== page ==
Sunday, 18 November 2007

Banding Golden Plovers

Yet again, some observations about swedish culture: swedes absolutely never give "the look" ;-) to people they find attractive. They pretend they are not interested. Anything else is seen as being too desperate. The swedish word for desperate is "desperat", and may as well be synonymous with "kanadensisk".

Speaking of which, there are tons of canadians in Lund. Much more than Americans, which is significant, considering that there are 10 x as many yanks as canucks, so you'd expect a similar proportion of exchange students here. On the contrary, we outnumber them around 5 times. Why? Sweden is held in very high regards in Canada, a socialist beckon in a nightmarish capitalist world. Canada could be like Sweden, have its sort of economy and generous welfare state, if only the continent could split along the 49th parallel, and leave the USA Axis of Evil behind (and yes, screw you southern ontario).

Anyway, for the last couple of weekends, I've been going out banding European golden plovers just north of Lund. Its great to handle shorebirds again, reminds me of the similar species in Alaska that I worked with.

Tonight, I'm going indoor climbing.

Sunday, 11 November 2007

First snow and electrofishing

And now, some observations about swedish culture: Swedes like to dress up and have theme party's. "Welcome to the eighties". Men like to touch each other.

Yesterday was the first snow fall.
But we'd be so lucky in Skåne to actually have a snowy winter. Usually it rains. I love snow: I love the sonic-texture of the wind blowing over a snowy forest flow; "crisp"; I love the trails of animals since passed, and bloody remains of predation in action; I love skiing.

Snow also helps to brighten the dark winter landscape. Speaking of which, its sundown at 4:00pm here in southern sweden. And it only gets worse. So, imagine how funny it is to get a call: "we set up mist nets tonight, just before sundown" and that means 3:30 pm.

Check this out: fish can be induced to have a electrical potential difference, and be "attracted" to an Anode. Its called electrofishing--highly efficient and highly illegal, aside from biological surveys of swedish waterways. Last week, I got to try my skills at it. Its non-lethal, so doesn't pique my vegatarian principles. This week, I also get to do some illegal trawling, and gill netting, which means messily dismembering dead fish to free them from nets. But at least I know where and how fish are caught. If most people knew how our oceans are being systematically raped...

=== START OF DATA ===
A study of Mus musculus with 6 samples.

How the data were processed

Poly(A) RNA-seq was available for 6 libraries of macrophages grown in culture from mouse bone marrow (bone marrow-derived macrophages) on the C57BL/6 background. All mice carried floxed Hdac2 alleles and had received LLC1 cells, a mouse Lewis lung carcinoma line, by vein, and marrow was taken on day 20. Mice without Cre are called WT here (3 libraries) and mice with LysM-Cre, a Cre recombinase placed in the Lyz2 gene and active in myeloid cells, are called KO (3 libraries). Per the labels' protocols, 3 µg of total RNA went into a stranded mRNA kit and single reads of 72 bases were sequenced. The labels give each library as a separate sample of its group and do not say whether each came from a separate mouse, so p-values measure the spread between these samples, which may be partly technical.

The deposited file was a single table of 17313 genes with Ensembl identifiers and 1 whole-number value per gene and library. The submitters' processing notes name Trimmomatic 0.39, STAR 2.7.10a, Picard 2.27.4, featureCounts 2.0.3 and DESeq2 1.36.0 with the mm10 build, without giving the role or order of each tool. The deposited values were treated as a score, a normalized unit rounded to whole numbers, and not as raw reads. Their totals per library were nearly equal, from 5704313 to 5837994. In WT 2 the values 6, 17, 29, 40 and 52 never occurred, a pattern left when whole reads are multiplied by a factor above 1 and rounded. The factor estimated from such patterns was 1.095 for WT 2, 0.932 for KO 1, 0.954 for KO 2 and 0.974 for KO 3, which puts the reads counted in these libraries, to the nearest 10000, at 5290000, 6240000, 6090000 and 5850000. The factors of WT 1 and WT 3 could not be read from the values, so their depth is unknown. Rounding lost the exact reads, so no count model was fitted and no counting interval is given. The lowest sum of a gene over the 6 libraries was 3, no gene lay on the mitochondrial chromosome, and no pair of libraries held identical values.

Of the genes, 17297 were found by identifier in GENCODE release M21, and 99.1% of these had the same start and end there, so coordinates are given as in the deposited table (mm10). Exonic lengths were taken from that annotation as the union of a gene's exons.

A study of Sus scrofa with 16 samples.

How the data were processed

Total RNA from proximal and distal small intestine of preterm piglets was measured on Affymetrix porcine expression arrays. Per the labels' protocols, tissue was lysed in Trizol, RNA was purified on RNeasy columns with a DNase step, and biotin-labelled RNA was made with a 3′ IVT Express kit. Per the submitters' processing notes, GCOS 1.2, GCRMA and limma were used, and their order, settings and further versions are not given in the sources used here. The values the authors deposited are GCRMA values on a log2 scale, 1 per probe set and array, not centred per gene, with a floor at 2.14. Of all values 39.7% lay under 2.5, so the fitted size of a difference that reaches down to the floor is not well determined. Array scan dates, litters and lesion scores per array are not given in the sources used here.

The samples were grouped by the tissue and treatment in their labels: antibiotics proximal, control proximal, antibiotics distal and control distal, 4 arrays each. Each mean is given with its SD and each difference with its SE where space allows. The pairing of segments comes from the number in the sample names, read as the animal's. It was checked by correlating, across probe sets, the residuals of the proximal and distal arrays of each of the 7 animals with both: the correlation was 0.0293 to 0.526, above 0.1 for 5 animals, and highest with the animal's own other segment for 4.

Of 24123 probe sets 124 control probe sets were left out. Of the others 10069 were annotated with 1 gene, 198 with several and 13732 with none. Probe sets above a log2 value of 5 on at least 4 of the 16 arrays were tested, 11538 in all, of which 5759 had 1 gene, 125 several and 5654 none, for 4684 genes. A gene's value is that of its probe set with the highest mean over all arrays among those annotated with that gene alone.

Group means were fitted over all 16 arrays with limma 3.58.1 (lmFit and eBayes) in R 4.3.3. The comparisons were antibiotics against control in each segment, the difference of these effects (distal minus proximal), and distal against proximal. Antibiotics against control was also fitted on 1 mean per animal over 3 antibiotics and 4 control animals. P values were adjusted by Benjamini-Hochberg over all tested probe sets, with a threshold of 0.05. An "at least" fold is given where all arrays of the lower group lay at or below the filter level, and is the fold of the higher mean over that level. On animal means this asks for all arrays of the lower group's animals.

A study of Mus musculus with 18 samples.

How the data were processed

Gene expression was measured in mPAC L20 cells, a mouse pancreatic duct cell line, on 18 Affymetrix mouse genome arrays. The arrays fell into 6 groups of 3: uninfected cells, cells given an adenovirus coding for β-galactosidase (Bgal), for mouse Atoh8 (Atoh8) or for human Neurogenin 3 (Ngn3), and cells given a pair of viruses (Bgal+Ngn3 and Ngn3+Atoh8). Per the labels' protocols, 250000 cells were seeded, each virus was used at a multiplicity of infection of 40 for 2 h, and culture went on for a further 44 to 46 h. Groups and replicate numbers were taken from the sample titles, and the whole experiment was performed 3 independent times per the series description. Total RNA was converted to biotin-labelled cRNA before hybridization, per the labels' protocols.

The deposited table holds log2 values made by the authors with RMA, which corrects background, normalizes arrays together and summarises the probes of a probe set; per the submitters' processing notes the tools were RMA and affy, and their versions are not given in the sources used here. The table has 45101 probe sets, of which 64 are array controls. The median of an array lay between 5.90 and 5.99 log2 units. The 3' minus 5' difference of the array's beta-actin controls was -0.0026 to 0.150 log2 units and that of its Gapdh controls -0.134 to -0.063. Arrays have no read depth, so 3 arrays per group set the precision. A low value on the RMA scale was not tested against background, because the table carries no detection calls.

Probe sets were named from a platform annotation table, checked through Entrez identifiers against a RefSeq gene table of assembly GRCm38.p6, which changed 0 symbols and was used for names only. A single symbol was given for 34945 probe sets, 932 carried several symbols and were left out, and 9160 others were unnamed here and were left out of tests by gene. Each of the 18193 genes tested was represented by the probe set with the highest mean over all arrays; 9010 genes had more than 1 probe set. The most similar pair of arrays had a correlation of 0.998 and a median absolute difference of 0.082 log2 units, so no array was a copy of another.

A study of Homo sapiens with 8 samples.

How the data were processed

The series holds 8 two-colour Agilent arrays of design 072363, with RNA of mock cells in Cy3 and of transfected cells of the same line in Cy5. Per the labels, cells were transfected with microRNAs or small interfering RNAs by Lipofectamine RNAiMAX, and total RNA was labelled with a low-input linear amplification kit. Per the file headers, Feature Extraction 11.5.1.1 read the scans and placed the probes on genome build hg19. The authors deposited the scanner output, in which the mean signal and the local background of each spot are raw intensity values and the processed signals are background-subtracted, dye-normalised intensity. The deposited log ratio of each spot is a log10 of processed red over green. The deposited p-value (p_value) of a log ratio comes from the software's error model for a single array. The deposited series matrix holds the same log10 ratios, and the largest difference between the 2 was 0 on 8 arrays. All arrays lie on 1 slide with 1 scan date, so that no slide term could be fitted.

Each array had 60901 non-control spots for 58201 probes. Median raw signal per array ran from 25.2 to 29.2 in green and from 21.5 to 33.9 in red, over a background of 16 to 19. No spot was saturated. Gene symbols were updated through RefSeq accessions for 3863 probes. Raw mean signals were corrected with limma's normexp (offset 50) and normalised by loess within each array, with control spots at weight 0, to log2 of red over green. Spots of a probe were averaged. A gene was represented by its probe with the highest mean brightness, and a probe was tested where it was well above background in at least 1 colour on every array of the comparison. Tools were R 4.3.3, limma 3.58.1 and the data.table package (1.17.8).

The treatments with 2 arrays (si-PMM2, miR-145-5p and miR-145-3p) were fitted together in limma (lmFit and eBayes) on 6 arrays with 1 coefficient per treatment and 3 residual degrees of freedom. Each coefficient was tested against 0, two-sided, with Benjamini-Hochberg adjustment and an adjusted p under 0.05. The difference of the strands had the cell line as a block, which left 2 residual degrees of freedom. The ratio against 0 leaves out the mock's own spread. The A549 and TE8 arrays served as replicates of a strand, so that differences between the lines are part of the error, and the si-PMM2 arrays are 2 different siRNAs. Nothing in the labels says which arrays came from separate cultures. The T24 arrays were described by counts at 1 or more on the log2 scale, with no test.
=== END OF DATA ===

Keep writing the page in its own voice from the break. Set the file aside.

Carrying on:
Fisheries Ecology

2nd Course in my MSc of Marine Biology

Saturday, 3 November 2007

Flounders experiments and singing swedes

A marathon run of flounder happenings: Fanny and I do an experiment on flounder cryptic colouration and patchiness to finish marine biology. It always fun to work with animals: trying to sight their freakish eyes peaking through the sand, catch them as they wiggle n' splash about, watch them change colour...and release them! Not publishable research, but always good to have experience designing and analyzing an experiment, as I hope this is what I'll do for the rest of my life. Not on flatfish of course.

To top off the conclusion of the course, there was a marine biologist "sättning". No equivalent in Canada, basically a bunch of dollied up swedes getting hammered in a heavily regimented manner consisting of a good meal and obligatory hymn list. The swedes like to sing and I like it!

Now, I'll begin Fisheries ecology. Not looking forward to it too much as I'm not too into teleosts (or cartilaginous creatures).